Staffordshire University scientists spearheading research into microplastic pollution have joined forces with West Midlands’ farmers.
University researchers held talks with the National Farmers’ Union (NFU) and its members to explore how plastic pollution is impacting on the farming industry and what can be done to tackle the issue.
Much is known about marine plastic pollution but there is little information about the impact of plastics in the soil; Staffordshire University scientists are driving research in this area.
During the meeting, held this month, the group discussed how microplastics (pieces less than five millimetres long) get into the environment.
The farmers and growers heard this was from wider commercial manufacturing, shedding from synthetic clothing, cigarette filters, car and truck tyres, treated sewage waste which is sometimes used as a fertiliser, and a host of other sources including the physical breakdown of plastic litter.
Claire Gwinnett, Professor of Forensic and Environmental Science, explained: “We want to share what knowledge we do have and hear from farmers working on the ground. Farmers can help make changes so it is really important to understand what is actually happening in the industry and what issues they are concerned about.
“I was delighted to welcome the NFU to the university and we hope to develop this relationship as the research work continues.”
Sarah Faulkner, NFU West Midlands environment and rural affairs adviser, helped organise discussions in the Science Centre at the University’s Stoke campus.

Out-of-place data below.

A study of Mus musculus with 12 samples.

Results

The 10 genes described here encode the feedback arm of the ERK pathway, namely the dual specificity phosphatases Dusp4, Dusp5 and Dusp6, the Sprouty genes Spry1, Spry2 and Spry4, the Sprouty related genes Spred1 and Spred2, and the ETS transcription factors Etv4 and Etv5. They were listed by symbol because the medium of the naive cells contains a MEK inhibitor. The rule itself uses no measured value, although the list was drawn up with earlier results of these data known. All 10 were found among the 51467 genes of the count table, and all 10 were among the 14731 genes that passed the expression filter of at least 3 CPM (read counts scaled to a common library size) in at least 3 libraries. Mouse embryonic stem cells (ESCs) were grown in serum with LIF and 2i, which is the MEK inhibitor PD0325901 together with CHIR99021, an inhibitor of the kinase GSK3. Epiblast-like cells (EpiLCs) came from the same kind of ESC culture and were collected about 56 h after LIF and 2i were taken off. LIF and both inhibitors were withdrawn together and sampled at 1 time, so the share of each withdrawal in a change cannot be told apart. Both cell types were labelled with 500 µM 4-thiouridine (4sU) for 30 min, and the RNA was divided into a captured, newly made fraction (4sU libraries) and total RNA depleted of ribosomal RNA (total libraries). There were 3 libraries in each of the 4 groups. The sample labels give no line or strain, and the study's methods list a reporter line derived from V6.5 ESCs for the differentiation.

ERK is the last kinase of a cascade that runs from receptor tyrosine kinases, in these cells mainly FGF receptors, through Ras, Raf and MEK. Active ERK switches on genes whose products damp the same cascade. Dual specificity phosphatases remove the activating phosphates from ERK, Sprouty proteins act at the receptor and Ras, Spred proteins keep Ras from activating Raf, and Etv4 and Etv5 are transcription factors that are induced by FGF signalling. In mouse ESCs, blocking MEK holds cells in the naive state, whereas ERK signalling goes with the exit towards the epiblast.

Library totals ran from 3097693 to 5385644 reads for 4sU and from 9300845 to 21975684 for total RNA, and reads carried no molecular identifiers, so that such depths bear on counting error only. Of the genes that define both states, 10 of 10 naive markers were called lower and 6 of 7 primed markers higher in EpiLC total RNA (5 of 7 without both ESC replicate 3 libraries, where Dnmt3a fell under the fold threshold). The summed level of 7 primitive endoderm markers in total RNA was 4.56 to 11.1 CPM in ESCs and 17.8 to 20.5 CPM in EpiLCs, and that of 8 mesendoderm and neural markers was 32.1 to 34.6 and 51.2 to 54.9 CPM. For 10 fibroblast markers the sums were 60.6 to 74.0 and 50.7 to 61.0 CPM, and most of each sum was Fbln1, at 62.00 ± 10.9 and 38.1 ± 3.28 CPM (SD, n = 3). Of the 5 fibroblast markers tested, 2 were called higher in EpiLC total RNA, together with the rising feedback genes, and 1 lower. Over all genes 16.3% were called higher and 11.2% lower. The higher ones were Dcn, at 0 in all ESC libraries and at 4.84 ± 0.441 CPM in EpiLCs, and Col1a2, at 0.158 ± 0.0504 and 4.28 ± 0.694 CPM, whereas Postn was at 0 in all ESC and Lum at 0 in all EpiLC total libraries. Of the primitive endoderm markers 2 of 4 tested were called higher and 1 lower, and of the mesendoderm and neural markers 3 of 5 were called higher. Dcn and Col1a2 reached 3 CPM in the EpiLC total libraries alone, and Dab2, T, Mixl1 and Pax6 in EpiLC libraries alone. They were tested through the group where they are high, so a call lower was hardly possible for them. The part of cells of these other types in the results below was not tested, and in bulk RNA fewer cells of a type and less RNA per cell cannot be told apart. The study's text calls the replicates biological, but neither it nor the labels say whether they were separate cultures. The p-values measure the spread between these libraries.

Mrs Faulkner said: “I think it is really interesting as a first step to see what our farmers make of this issue, however; we need to see much more research in this area as there are many unknowns.
“We are innovative and pioneering when it comes to food production and environmental protection and the industry is science-led, so we look forward to seeing and hearing more from the Staffordshire University team and of course we will help where we can.
“There is currently a lot of change in agriculture and horticulture and policy is changing so we are very interested in getting ahead of what the emerging issues are. We need a sound, science-based understanding of the potential impacts of soil microplastics and we need to avoid knee-jerk reactions at all costs.”
Plastics play an important role in farming to increase crop production and reduce water consumption but currently only 35% of agricultural plastics are recycled due to limited recycling options.
Ellie Harrison, who is completing a PhD in Microplastics in Agricultural Environments at Staffordshire University, specialises in crop development and is researching whether microplastics affect germination and invertebrates living in the soil.
“There are many benefits of using plastics but we need to understand their impact,” she said.
“Microplastics can affect soil stability and the growth and development of plants. Biodegradable alternatives can have equally negative effects so it is important to explore all options before any changes can be made.
“If we want to push sustainability in farming then we need to have a sound understanding of the impact of microplastics, it is also important to educate and look at how to fill the gaps in our knowledge before looking for future solutions together.”
The farmers discussed the potential sources of microplastics on their land with her and offered to donate soil samples for analysis. Professor Gwinnett also led the farmers on a tour of the University’s state-of-the-art laboratories and discussed some of the department’s other work with the group.